The Reconstruction of St. Felix Street

Development Team

    OWNER: New York City Department of Transportation, Division of Bridges, NYC
    ARCHITECT: Kuplec Architects, NYC
    STRUCTURAL, CIVIL & SURVEY ENGINEER: Vollmer Associates, NYC
    GEOTECHNICAL ENGINEER: Muesser Rutledge Consulting Engineers, NYC
    HISTORIC PRESERVATION CONSULTANT: Jablonski Berkowitz Conservation Inc., NYC
    HISTORIC RESEARCH CONSULTANT: Allee King Rosen & Fleming Inc., NYC
    FACADE CONSULTANT: Feld, Kaminetzky & Cohen, NYC
    GENERAL CONTRACTOR (PHASE 1: GROUTING): Nicholson Picone, a joint venture, Lawrence, NY
    GENERAL CONTRACTOR (PHASE 2: STREET & BUILDING RESTORATION): Tully Construction Co., Flushing, NY
    SPONSORING AGENCY: Landmarks Preservation Commission, NYC

St. Felix Street was a quiet, historic street located over a subway line in Brooklyn until January 23, 1997 when an 8-in.-dia. water main broke and a century's worth of problems surfaced.

Street conditions became hazardous and adjacent residences were put in danger. Front stoops even separated from their buildings and facades began to buckle.

With the stability of the buildings in question, subway traffic was temporarily halted and the New York City Department of Transportation (NYCDOT) issued an emergency declaration. Within a week, an emergency forensic investigation was performed and plans were developed for the reconstruction of St. Felix Street.

Investigation of the conditions of the problems revealed that the street had sunk 2 ft. in some locations, indicating a huge amount of displaced soil. Inspection of the sewers under the street followed, including a 14-ft.-dia. abandoned brick sewer, over 1,000 ft. of sewer lines, subway tunnels, a pump station and 24 homes.

The mystery of the missing soil required further investigation. With the cooperation of public agencies and private utility firms, all available records were searched, including historical records. This led to the discovery that the problem actually began 75 years earlier.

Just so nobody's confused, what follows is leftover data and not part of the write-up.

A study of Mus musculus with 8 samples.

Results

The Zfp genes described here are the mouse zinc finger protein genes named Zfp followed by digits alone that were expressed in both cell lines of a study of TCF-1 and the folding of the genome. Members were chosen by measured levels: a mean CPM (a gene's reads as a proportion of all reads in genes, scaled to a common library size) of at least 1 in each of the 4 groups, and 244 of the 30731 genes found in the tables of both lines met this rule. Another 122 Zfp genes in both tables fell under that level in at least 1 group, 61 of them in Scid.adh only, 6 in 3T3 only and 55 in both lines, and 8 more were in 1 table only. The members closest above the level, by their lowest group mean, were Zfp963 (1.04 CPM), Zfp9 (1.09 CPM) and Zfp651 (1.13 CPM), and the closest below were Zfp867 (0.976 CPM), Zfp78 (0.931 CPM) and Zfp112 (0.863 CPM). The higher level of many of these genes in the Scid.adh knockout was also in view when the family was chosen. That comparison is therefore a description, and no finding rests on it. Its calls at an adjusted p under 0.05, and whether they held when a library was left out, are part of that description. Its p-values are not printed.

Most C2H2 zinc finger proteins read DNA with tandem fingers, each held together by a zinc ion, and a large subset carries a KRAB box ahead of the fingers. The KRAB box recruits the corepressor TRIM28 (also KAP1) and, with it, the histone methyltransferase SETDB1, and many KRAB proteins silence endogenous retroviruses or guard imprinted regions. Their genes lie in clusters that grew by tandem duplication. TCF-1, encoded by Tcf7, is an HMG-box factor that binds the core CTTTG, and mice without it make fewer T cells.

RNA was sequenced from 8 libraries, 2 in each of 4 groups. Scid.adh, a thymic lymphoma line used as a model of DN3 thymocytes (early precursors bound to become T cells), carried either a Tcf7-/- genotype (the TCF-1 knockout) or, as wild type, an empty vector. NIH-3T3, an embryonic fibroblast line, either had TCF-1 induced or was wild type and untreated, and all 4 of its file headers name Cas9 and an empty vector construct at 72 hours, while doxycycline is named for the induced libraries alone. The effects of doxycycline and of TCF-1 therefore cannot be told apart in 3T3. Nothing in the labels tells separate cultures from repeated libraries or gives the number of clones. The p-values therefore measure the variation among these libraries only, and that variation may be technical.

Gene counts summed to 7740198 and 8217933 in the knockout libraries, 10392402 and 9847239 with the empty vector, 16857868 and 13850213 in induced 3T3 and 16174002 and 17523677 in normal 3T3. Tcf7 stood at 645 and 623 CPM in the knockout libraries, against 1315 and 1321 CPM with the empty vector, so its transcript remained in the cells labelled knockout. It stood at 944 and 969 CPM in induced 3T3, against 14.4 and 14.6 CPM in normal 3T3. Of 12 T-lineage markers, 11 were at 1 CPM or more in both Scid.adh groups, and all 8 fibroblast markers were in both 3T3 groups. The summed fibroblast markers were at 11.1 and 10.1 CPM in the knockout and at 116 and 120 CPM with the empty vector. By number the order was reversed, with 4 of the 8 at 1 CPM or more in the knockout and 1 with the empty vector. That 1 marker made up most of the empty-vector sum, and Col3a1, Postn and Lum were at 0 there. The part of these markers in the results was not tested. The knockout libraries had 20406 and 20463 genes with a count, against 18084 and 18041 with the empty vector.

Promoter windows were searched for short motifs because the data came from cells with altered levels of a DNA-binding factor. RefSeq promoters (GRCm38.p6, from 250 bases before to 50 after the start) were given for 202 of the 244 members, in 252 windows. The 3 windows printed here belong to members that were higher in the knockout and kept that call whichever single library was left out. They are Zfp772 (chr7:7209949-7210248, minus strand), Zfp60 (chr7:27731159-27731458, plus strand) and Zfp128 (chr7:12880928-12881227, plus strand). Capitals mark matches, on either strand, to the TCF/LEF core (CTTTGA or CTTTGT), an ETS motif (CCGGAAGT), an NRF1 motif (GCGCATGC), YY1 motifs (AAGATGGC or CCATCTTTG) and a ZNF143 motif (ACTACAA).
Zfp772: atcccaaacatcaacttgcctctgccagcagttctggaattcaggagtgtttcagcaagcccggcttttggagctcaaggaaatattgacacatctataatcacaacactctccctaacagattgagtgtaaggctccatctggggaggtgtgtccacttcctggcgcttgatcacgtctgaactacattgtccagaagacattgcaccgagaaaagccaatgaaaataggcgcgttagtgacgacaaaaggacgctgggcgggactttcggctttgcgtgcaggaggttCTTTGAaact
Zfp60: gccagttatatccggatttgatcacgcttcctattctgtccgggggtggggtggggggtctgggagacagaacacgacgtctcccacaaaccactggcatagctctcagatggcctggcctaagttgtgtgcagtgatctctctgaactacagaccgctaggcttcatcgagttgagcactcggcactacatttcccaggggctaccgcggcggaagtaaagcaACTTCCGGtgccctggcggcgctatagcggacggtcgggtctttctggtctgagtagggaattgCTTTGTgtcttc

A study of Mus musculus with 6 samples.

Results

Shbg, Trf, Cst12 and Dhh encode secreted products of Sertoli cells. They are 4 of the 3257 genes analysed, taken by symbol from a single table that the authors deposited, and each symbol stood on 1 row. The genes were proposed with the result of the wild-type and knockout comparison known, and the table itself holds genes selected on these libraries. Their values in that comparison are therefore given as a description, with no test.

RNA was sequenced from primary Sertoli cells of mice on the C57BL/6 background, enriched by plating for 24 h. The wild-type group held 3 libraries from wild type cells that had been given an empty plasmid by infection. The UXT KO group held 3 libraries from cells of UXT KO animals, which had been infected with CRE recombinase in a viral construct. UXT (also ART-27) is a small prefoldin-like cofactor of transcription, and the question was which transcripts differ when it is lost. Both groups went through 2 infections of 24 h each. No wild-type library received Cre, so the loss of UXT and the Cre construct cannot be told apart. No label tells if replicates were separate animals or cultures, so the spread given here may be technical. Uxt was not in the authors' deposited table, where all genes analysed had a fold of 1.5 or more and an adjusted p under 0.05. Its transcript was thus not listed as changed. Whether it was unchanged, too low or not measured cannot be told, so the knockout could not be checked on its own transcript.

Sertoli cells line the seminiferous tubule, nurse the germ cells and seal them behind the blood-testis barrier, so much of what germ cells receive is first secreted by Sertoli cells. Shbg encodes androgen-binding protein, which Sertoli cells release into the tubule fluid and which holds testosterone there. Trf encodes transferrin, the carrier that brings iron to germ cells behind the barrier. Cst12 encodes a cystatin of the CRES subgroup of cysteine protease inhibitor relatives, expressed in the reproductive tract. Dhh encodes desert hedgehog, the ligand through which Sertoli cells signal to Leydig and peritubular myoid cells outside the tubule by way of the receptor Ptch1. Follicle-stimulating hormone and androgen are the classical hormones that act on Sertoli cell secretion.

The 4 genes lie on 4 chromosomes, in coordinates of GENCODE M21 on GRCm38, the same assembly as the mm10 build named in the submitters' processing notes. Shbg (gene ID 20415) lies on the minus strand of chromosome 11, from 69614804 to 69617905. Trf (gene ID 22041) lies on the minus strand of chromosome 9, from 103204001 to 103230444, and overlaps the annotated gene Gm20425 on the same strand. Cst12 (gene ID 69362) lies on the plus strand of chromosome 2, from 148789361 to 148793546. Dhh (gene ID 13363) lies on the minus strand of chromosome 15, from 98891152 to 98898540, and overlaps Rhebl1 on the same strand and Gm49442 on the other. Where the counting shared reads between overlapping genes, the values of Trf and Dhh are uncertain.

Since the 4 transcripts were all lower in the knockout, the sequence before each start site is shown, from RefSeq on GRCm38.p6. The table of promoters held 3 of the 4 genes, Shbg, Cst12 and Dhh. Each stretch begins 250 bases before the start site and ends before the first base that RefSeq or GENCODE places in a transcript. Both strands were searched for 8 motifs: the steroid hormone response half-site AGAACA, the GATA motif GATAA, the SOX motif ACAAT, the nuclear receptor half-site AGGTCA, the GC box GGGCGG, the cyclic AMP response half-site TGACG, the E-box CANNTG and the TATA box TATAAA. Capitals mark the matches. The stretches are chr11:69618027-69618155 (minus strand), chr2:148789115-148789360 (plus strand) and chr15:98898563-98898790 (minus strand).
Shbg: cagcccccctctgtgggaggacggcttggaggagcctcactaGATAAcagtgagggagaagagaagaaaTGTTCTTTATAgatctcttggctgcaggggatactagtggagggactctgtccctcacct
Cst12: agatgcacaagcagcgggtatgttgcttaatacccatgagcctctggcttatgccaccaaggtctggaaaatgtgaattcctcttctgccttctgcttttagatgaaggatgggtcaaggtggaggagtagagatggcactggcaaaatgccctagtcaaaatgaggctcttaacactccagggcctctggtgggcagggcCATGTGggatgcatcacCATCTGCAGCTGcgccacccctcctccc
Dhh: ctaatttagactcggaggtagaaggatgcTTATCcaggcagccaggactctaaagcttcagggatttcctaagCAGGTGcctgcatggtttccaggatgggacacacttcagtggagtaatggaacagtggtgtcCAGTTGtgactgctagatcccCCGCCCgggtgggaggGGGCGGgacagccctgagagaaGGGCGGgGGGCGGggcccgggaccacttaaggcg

The story began in 1916 when a tunnel was constructed for the Brighton Beach line, 60 ft. below the surface of St. Felix Street. The surface of the street was replaced with a wooden deck supported on a latticework of timber trestles. This allowed the contractor to build the tunnel and proceed with work in the trench beneath the street. On April 17, 1917, the deck system collapsed, killing at least two people. Soil borings and test pits strongly suggested that the timber form the collapsed deck was left I the trench and the rest of the trench was filled wit loose dirt and debris, leaving huge voids below the street surface. Over 75 years, the soil shifted into the voids wreaking havoc on the water mains. The water from the broken mains washed away even more soil, and ultimately the street sank.

Once the problem was discovered, a two-stage construction plan was developed. The plan called for filling in the voids in the street's subsurface and above the subway using cement-like grout. Next, 4 ft. of soil immediately below the street surface was replaced with compacted soil. Then, a new street surface was placed down. The end result was a stabilization of the upper street level.

To minimize disruption to area residents, coordination and support with public agencies and private utilities was required.

Furthermore, extensive work with the New York City Landmarks Commission was required since the street is in an historic area. Historic research helped in the restoration of the streetscape and rehabilitation of area structures.

The jury said the reconstruction of St. Felix Street was "a long, deferred project that was finally rehabilitated." They also called it "a very complex project whose project team members faced technical challenges such as keeping the Brooklyn Academy of Music operational and building near subways."